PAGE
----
Scifi as political theory, redux

Peeps, the new CW show The 100 is my dissertation. It features the state of nature, the origins of politics (mostly Hobbesian, unsurprisingly), the problem of rule by children (they are not so good at it), and also neon forests and two-headed deer and other imagined effects of nuclear holocaust. It's also Lord of the Flies set in a post-apocalyptic survival world, which also kind of means Lord of the Flies was my dissertation, but now my dissertation is on the teeveee. Becky told me about this (I've been boycotting TV due to overproliferation of shows that "make u think"), I've watched the first few episodes, and...it's not as bad as you'd perhaps expect.

5 comments:

Alpheus said...

Let me guess: the sorts of people who fare best in this "Lord of the Flies" post-Apocalyptic world are the same sorts of people who fare best in upper-middle-class American society circa 2014?

Miss Self-Important said...

A little hard to say as yet. It presently seems that sadistic criminal tendencies are a survival boost, but that may wane with time, as Hobbes predicts. But mostly yes - attractive and empathetic people are winning, and never seem to die from their injuries, whereas everyone else does.

Besides, doesn't the characters' normalcy just support the view from the previous scifi-is-political-theory post that scifi and fantasy take people as they are here and now, and plop them into alien conditions to demonstrate the contrast, rather than alter them along with their surroundings?

Alpheus said...

I think you're right about sci-fi to a large extent, though I also think the best works in that genre do try to give us unconventional societies and/or characters, loosening us from the parochial grip of the present order.

TV seems to me much worse at doing this than books, and recent TV seems worse to me than TV twenty years ago. I know they have to attract viewers in a competitive media environment, and rigorous stereotyping is an easy way to do that, but what's the point of showing a post-apocalypse world if it's going to operate just like the pre-apocalypse world? Do we need reassurance that the rules we play by today will have universal validity?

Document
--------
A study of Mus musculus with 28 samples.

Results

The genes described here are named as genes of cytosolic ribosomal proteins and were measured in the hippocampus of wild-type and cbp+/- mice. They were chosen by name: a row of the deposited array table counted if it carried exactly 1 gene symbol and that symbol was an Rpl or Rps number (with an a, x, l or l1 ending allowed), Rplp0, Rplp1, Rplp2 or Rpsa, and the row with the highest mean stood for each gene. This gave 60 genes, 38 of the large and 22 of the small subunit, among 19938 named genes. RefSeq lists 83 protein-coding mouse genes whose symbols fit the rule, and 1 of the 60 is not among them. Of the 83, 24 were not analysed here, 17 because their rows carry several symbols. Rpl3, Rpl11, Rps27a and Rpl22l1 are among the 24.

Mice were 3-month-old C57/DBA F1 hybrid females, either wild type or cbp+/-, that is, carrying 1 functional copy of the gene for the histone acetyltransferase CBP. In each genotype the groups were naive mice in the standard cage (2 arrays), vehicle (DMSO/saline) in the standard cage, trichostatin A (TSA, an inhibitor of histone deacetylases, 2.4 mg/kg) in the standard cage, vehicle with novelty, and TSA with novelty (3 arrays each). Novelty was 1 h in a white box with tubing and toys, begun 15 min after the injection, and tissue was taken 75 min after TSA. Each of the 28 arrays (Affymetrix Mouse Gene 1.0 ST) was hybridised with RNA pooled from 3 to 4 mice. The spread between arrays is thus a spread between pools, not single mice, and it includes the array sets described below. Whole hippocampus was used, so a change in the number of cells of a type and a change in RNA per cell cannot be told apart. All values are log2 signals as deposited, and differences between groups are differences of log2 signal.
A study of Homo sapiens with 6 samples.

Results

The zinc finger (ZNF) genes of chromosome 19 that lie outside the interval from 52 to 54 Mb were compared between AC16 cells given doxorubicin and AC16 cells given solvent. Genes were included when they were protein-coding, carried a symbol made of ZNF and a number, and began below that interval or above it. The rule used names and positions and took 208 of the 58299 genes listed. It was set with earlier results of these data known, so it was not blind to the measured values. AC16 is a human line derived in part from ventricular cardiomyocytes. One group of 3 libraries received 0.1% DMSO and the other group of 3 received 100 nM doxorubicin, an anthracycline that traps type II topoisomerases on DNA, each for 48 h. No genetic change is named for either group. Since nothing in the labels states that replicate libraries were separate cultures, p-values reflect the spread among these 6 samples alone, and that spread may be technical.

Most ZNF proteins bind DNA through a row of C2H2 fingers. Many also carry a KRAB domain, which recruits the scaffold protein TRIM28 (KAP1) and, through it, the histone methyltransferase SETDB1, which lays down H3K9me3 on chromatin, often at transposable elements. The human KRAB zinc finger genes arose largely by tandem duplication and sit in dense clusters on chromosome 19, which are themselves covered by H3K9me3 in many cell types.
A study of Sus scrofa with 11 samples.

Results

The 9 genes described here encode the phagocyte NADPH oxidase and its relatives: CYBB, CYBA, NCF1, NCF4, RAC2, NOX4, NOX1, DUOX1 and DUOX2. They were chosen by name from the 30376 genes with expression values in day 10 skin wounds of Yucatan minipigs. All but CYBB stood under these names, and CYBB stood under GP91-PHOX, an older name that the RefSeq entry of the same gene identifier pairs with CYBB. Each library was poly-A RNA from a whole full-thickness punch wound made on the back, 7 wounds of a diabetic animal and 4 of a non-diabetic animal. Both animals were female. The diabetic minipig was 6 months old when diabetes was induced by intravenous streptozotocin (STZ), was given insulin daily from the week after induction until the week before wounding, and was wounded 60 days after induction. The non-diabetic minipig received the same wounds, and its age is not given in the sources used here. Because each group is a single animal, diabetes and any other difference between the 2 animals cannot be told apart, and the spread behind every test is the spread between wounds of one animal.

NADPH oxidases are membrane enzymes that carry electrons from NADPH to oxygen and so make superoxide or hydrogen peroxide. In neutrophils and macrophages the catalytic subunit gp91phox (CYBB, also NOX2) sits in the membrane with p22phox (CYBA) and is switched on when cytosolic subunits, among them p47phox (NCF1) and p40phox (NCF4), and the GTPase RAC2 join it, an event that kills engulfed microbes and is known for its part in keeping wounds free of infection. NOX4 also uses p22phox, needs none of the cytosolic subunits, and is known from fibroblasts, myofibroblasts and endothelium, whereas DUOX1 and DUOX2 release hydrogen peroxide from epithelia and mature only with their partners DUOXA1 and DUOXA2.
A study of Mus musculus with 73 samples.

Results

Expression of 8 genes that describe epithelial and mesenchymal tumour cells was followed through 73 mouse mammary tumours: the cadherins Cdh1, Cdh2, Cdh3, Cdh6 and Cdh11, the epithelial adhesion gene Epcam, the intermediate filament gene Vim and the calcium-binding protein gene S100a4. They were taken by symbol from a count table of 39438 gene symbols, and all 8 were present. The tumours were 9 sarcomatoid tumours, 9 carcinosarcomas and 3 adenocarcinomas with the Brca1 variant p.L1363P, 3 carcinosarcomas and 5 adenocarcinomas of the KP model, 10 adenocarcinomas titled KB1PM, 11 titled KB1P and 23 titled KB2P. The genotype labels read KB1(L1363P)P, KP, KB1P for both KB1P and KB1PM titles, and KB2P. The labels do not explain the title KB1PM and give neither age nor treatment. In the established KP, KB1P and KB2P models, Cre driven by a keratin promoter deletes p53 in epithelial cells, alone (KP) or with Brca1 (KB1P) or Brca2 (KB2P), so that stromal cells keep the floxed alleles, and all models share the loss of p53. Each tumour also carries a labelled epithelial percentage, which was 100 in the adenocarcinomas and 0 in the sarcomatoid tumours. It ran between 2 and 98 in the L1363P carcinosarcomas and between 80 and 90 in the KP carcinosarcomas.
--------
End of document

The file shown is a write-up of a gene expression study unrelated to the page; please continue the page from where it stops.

Withywindle said...

I will say that there is very good SF of both the normal person in strange conditions and strange person in strange/normal conditions varieties.

Miss Self-Important said...

Let's consider this as two approaches to hypothetical literature: a Hobbesian approach, and a Rousseauian approach. Hobbes puts normal man into an abnormal state of dire scarcity and danger in order to determine what normal people really, in the most minimal sense, are about. He answers: a volatile mix of pride and fear. Rousseau, like Alpheus, objects that under such abnormal conditions as Hobbes proposes, there is no reason to assume that man himself would be recognizably normal. Rather, we have to reason from the conditions themselves what such a man would be like. So, if the world is so sparsely populated that men rarely come across one another, why should we assume they have any desire to interact at all, or are even able to recognize their own species? Why should we assume they have language? Without means of comparing themselves to others, from what could they develop pride? How can we even know that they understand death well enough to fear it?

If scifi could be divided up like that, it might really elevate it in my estimation.